To call it a mere parade wouldn't be doing it justice. The long-running Day of the Dead event, which has been held every year since 1990, brings together the fringe crowd from throughout the state for a creative and chaotic cornucopia that's equal parts Burning Man, Halloween, and Mardi Gras all rolled into one.
If you're willing to make the drive, we've got plenty of info on attending the event, as well as tips on outfits to wear, where to stay, and what to do while in Tucson.etails: More than 20,000 participants stroll along a two-mile route decorated with Dia de los Muertos altars through Fourth Avenue while adorned in festive costumes. Since the festival is celebrating Día de los Muertos, skulls, skeletons, and Chicano-inspired outfits are de rigueur (including the requisite Day of the Dead face-paint). Others wear elaborate and ultra-colorful ensembles (such as Greek goddesses, dragons, or techno-samurai) or just cutout masks of their recently deceased friends and family members.
Meanwhile, stilt-walkers and performance artists tromp around alongside mobile art installations. Many folks also carry photos, hand-written memories, and signs commemorating their those who are dearly departed.
Getting There: Hop on Interstate-10 and drive south on a two-hour trek to Tuscon. Take exit 257 onto Speedway Boulevard and head east to Fourth Avenue. Finding parking can sometimes be a hassle, but Trinity Presbyterian Church adjacent to the lineup area offers plenty of spaces to stash your ride.
Where to Stay: Rooms at the iconic and vintage Hotel Congress are available, although rates start at around $100. If you're a seeking some less-expensive options nearby, check out the Best Western Royal Sun ($70 per night) or the kitschy Quality Inn Flamingo ($65 per night).
Other Art Events: If you get down to Tucson a bit earlier in the daytime, a few Day of the Dead exhibitions are being offered by museums and galleries. The historic Tohono Chul Park will be showcasing its annual Dia de los Muertos exhibition of altars, paintings, quilts, and other works created in honor of the holiday. Hours are from 8 a.m. to 3 p.m. Admission is $8. The Tucson Museum of Art will also display a number of artsy ofretas and other offerings. Hours are from noon-5 p.m. Admission is $8.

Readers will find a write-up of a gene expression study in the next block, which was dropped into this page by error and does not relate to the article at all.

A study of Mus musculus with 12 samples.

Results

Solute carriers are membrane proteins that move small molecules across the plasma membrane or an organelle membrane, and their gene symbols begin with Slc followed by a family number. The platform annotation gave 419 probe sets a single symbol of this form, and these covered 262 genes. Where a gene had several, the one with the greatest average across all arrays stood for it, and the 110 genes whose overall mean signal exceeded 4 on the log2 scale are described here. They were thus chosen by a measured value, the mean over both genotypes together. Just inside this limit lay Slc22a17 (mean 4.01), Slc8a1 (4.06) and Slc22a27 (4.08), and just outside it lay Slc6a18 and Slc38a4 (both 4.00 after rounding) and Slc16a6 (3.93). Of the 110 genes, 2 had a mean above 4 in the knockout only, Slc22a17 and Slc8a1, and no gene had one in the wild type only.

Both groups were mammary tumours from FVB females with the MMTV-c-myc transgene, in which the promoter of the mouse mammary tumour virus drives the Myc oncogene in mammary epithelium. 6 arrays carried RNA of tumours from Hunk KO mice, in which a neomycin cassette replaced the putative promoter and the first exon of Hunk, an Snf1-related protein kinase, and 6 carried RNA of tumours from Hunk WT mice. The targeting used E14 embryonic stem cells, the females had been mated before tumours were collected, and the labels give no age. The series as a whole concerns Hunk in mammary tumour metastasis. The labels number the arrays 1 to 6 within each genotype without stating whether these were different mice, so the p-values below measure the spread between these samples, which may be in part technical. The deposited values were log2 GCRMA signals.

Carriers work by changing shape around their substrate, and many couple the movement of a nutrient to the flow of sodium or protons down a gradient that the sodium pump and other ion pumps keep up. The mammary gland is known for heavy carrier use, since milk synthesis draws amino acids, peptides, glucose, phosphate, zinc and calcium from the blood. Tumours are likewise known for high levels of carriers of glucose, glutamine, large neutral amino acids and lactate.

The Grand Finale: Considered to be just as epic as the procession itself is the performance art extravaganza capping off the event at the Mercado San Agustín public market at the end of the two-mile route. Tucson's Flam Chen pulls out all the stops every year for the finale, staging a performance featuring fire-dancers and flame-wielding daredevils creating an inferno of light and color while aerialists twirling and spinning in midair and are held aloft by a crane.
Experimental and burlesque dance groups, puppet troupes, and musicians also take to the stage and add to the funky aura of the event, which climaxes with the burning of altars and Day of the Dead prayers from parade participants in a giant cauldron.
Afterwards: If the various dives, college bars and drinking establishments of either Fourth Avenue or Congress Street don't interest you, a variety of nightlife events will take place following the procession.
Tucson's renowned Calexico music group will hold its annual "Dance of the Dead" celebration at the Rialto Theatre while New Orleans musician The Voodoo Organist will perform at the official after-party at Club Congress.
The All Souls Procession 2011 takes place on Sunday in Tucson. Lineup is at 5 p.m. at Fourth Avenue and University Boulevard. The parade begins at 6 p.m. Participation is free. Click here for more info.